Bernard Gaines Farrar Jr.: University Student and Union Soldier
    by Olivia Beatty, Undergraduate Research Assistant (History, 3rd Year)

Bernard Gaines Farrar Jr. was born in St. Louis, Missouri on August 5, 1831 to Dr. Bernard Gaines Farrar Sr. and Ann Clark Farrar. As a youth he studied at St. Louis University, Norwich Military Academy of Vermont, and the University of Virginia from 1850 to 1851. Upon completing his studies at the University, Bernard Jr. returned to St. Louis and in 1861 he enlisted in the United States Armed Forces. In May of that year he was appointed as the Aide de Camp under General Nathaniel Lyon. In the early months of the war, Missouri, being a border state, was undecided on where to direct its allegiance. The city of St. Louis, however, housed strong pro-Union sentiments that were mostly likely due to its large German immigrant population. Living in such an environment undoubtedly encouraged Bernard’s decision to join the United States military.

As the war raged on, the Missourian’s military experience proved to be exceptional. In his first couple months working under Lyon, Farrar participated in a campaign to drive out Missouri’s pro-Confederate government. The regiment’s first major advance was in pursuit of thwarting the state’s militia from seizing the US arsenal in Missouri. Lyon’s forces surrounded Camp Jackson and Major Farrar was sent to Confederate officer General Frost with a message to surrender, which he did without a fight.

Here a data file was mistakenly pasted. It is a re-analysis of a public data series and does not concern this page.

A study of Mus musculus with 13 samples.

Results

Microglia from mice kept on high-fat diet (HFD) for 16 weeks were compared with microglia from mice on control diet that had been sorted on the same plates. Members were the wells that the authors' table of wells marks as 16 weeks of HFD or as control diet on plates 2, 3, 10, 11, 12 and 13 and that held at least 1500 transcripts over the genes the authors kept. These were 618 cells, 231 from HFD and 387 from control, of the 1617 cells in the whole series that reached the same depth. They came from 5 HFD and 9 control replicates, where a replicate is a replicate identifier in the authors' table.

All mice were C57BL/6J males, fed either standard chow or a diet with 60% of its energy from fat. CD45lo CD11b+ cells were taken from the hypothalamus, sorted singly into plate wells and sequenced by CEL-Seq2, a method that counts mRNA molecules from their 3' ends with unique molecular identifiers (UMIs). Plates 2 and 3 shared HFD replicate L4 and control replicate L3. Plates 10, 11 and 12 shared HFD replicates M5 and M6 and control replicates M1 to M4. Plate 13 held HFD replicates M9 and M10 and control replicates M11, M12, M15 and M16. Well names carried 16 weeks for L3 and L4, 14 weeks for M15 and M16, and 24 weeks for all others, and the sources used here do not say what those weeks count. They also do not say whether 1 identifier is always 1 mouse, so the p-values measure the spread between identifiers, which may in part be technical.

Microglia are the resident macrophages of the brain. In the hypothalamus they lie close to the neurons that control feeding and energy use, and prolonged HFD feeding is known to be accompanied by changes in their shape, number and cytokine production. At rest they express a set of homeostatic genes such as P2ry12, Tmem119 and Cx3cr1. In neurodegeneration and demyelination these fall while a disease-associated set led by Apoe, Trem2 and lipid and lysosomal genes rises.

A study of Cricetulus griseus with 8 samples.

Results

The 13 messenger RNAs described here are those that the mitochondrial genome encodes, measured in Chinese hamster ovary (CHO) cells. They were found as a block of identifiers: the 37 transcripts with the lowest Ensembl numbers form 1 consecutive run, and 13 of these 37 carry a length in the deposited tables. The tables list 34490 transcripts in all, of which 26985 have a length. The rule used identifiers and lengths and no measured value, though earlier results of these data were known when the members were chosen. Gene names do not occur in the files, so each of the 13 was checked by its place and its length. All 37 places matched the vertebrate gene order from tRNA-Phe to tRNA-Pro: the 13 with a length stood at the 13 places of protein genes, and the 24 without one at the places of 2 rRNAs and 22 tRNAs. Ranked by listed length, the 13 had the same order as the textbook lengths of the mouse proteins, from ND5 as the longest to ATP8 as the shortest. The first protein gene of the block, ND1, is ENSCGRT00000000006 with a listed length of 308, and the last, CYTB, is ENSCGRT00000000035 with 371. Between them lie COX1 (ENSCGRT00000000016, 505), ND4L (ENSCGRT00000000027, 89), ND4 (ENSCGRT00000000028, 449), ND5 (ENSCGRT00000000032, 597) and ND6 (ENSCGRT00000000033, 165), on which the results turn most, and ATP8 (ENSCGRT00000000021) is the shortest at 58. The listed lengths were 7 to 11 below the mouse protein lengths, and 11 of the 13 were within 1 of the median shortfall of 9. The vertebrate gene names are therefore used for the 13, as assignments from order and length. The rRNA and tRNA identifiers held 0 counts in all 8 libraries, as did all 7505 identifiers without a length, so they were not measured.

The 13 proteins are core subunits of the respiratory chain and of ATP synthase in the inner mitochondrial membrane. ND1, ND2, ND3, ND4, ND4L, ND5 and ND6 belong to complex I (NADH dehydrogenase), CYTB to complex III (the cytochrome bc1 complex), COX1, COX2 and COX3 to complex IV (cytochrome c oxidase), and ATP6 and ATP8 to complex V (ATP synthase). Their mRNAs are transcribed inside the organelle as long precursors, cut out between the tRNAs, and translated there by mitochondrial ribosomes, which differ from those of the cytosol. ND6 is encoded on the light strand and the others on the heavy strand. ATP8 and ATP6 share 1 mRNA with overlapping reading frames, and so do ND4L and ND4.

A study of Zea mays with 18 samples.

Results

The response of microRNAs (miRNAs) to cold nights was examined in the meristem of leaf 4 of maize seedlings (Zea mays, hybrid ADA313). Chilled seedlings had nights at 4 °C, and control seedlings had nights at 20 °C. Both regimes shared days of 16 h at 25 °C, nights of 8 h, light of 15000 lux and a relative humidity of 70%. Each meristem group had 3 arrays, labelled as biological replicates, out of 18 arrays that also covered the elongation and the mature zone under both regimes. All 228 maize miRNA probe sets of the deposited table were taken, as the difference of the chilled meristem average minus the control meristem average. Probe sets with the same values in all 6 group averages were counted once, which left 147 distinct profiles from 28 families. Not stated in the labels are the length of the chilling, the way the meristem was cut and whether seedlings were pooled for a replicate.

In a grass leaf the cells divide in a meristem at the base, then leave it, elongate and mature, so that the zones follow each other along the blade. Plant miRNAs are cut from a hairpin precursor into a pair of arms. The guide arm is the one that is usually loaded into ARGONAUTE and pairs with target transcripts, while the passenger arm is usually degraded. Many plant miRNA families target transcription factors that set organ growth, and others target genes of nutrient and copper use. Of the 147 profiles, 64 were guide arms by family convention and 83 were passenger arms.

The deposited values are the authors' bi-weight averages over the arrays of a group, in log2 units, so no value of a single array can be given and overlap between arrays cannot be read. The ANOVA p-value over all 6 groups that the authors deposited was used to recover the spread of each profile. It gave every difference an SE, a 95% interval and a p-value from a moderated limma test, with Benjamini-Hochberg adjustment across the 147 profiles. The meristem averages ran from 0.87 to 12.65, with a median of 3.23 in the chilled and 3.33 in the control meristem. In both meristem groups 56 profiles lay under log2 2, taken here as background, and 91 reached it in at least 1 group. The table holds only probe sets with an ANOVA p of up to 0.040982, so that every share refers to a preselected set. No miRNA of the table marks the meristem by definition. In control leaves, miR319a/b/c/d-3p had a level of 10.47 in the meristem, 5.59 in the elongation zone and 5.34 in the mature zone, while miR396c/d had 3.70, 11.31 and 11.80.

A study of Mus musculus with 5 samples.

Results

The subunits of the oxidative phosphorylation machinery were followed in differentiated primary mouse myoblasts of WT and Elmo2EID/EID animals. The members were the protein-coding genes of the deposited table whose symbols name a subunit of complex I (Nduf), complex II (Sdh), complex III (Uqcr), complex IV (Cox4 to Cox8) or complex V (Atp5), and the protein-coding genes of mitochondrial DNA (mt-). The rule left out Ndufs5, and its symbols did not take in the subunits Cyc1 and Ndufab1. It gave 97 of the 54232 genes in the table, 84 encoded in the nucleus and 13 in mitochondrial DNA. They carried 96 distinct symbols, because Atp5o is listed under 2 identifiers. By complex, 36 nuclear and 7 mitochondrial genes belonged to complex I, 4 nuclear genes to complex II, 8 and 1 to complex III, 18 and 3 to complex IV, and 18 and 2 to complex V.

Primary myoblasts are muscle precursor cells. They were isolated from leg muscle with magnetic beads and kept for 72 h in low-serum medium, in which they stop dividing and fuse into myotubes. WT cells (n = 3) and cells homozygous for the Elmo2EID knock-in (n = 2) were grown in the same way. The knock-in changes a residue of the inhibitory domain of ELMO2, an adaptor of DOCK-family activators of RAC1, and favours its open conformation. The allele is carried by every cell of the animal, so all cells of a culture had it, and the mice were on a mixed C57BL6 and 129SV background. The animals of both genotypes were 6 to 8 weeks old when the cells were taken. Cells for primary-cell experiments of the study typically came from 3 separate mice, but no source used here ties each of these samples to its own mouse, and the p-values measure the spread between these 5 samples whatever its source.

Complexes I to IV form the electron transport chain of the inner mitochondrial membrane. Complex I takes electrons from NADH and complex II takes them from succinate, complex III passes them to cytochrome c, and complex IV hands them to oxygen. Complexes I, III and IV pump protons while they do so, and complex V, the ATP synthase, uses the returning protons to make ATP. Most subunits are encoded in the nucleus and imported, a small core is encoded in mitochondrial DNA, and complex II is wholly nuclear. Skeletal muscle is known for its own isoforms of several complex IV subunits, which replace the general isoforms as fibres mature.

In October of 1861 Farrar was promoted to Missouri’s provost-marshal-general where he disbanded the Chamber of Commerce to prevent the southern-sympathizing members from meeting in conspiracy. Perhaps his most renowned military achievement was Farrar’s formation of an all black regiment that would eventually become the 6th U.S. Colored Heavy Artillery.

By 1865, Farrar retired from his military duties but soon after became a civil servant. As an outspoken Republican since the party’s conception, Farrar served for several years as a prominent representative in Missouri and under President Harrison’s administration he operated as Missouri’s Assistant U.S. Treasurer.

Bernard Farrar Jr. passed away at 85 years old and is buried at Bellefontaine Cemetery in St. Louis, Missouri. 


MO Commandery of MOLLUS, Circular No.492, 21Nov1916Membership Records of the MO Commandery of MOLLUSEncyclopedia of the History of St. Louis, c1899 by The Southern History Company, p.730.